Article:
Reina Telgemeier and Dave Roman spoke at the Charles M Schulz museum today. Roman is the author and illustrator of Astronaut Academy; Zero Gravity. Telgemeier is the Eisner-award winning creator of the graphic novel Smile. The two cartoonists were born on the same day (month, day and year), he in Long Island, New York, she in San Francisco, California. They share a love of comics and a love of each other – they’ve been married for five years.
Their presentation, which included a Powerpoint, a lecture and a performance section with volunteers from the audience, covered their personal creative histories and some discussion of the power of graphic novels and comics. Each of them grew up reading comics. Raina’s story of her experience with the graphic novel Barefoot Gen resonated powerfully with me. She was used to reading the comics in the newspaper, and her father bought her Barefoot Gen, probably not realizing that it was about World War II and the bombing of Hiroshima. “It pulled the rug out from under me,” she said. “I realized then that comics could tell any kind of story; that they could really get to your heart and your emotions.”
Raina pursued a slightly more “starving artist” career path, self-publishing a mini-comic called Take Out, while Dave found a job at Nickelodeon Magazine. Raina’s first professional job was in developing the popular YA series “The Babysitters Club” as graphic novels. Dave got started first as a writer, with other people providing the pictures, and only more recently began drawing as well.
Dave and Raina sparkle with joy and warmth. Toward the end of the formal presentation, they requested the help of some young people in the audience to provide a dramatic reading of a chapter from each work. The kid-volunteers did a good job, and Raina and Dave (and Raina’s dad, in a cameo, playing himself) provided the other voices and sound effects.
The Schulz auditorium surprised me; it was small. It probably seats no more than 120 people. The layout is good – not a bad seat in the place—and the acoustics are crisp. Good tech – none of the common problems of microphones cutting out or feedback whining in an upward spiral. After the presentation the two writers sat in the great hall and signed books. I ran into the award winning graphic novelist Brian Fies, who knows Raina and Dave. Brian was clock-watching, since another friend of his was also doing a book-signing across town at Copperfield’s. It was a busy literary day for Brian.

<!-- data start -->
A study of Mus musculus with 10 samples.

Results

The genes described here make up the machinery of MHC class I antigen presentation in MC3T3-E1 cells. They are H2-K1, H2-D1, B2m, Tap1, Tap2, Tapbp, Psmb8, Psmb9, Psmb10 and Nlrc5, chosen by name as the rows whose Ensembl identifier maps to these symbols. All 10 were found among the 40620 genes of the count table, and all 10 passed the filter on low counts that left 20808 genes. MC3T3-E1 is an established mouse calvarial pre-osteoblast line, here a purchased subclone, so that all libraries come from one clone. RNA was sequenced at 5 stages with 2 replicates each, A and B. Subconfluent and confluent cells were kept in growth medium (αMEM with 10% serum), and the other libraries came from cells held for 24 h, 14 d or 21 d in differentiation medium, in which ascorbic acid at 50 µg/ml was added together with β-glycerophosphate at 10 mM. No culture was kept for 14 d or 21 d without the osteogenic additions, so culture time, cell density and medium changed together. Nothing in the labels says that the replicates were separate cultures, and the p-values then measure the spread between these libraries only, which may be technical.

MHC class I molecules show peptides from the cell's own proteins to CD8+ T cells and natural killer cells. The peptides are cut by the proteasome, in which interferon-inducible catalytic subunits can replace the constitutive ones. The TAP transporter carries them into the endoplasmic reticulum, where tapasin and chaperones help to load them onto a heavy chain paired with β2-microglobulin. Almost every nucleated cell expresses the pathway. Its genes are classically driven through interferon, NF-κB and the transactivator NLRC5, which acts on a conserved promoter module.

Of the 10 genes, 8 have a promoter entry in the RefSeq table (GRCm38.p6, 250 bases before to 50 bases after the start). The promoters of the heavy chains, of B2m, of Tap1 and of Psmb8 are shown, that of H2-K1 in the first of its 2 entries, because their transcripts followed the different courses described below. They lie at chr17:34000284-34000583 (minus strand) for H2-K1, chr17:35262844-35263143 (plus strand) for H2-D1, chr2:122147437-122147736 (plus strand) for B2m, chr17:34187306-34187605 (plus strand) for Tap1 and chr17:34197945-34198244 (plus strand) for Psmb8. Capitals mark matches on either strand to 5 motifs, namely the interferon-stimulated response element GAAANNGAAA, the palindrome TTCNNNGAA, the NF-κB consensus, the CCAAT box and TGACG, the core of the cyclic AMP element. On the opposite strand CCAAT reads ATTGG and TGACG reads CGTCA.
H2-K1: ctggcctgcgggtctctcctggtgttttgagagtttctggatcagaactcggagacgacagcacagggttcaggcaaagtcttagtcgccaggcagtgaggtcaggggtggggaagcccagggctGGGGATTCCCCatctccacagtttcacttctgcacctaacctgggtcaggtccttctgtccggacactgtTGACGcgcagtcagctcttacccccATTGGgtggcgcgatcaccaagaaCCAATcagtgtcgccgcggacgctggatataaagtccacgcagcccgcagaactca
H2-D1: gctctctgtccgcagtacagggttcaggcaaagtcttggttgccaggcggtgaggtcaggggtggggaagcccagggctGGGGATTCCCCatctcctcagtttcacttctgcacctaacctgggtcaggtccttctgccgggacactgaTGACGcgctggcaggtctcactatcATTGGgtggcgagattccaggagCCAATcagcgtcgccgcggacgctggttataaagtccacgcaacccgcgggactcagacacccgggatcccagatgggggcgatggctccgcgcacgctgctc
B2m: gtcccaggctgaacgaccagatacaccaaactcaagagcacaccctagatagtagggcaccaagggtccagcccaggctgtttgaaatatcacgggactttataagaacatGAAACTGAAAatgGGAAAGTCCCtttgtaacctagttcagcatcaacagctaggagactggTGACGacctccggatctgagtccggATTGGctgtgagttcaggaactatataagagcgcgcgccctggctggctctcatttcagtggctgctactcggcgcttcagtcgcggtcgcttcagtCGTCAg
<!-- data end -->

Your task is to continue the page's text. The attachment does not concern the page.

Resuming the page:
The museum’s current exhibit has a sports theme. Without being too loud about it, Schulz was a support of athletic programs for women, and the strip Peanuts shows this with Peppermint Patty, the dedicated baseball team manager. I hadn’t known that in the fifties, Lucy was a golf prodigy, but one exhibit is an enlargement of a three-strip arc about Lucy’s championship golf tournament.
When I was a kid, comic books were slightly, well, disreputable. My open-minded parents didn’t forbid me to read them, but my mother sighed and rolled her eyes when she saw me with them; and I was reading tame material like Classics Illustrated, Fantastic Four and Wonder Woman. (Spouse had a sterner mom than I did, and he had to smuggle comics into his room or hide them other places.) A person from the audience asked Dave and Raina if they would speak to ways comic books help children read.
Raina said that comic books improved her vocabulary by giving her big words in a context that meant she could decipher them. Dave’s answer was more interesting. Pictures, he said, help people who get stuck. They can look ahead and help “conceptualize” what’s going to happen, rather than seeing big blocks of text as a frightening obstacle. I wondered if this had been his personal experience. For a child who is having trouble reading, the ability to pull from a different medium to get clues about the story would be a great relief.
I like graphic novels because they let both sides of my brain come out to play. For me, they will never replace pure text, which is like clean water for me – too many days without a book and I start to shrivel up. A graphic novel is like fresh-squeezed orange juice, or sparkling water with a slice of lime, not a staple of my diet, probably, but a treat. And listening to people like Dave and Raina talk about their process, their love of art and story, is a treat too.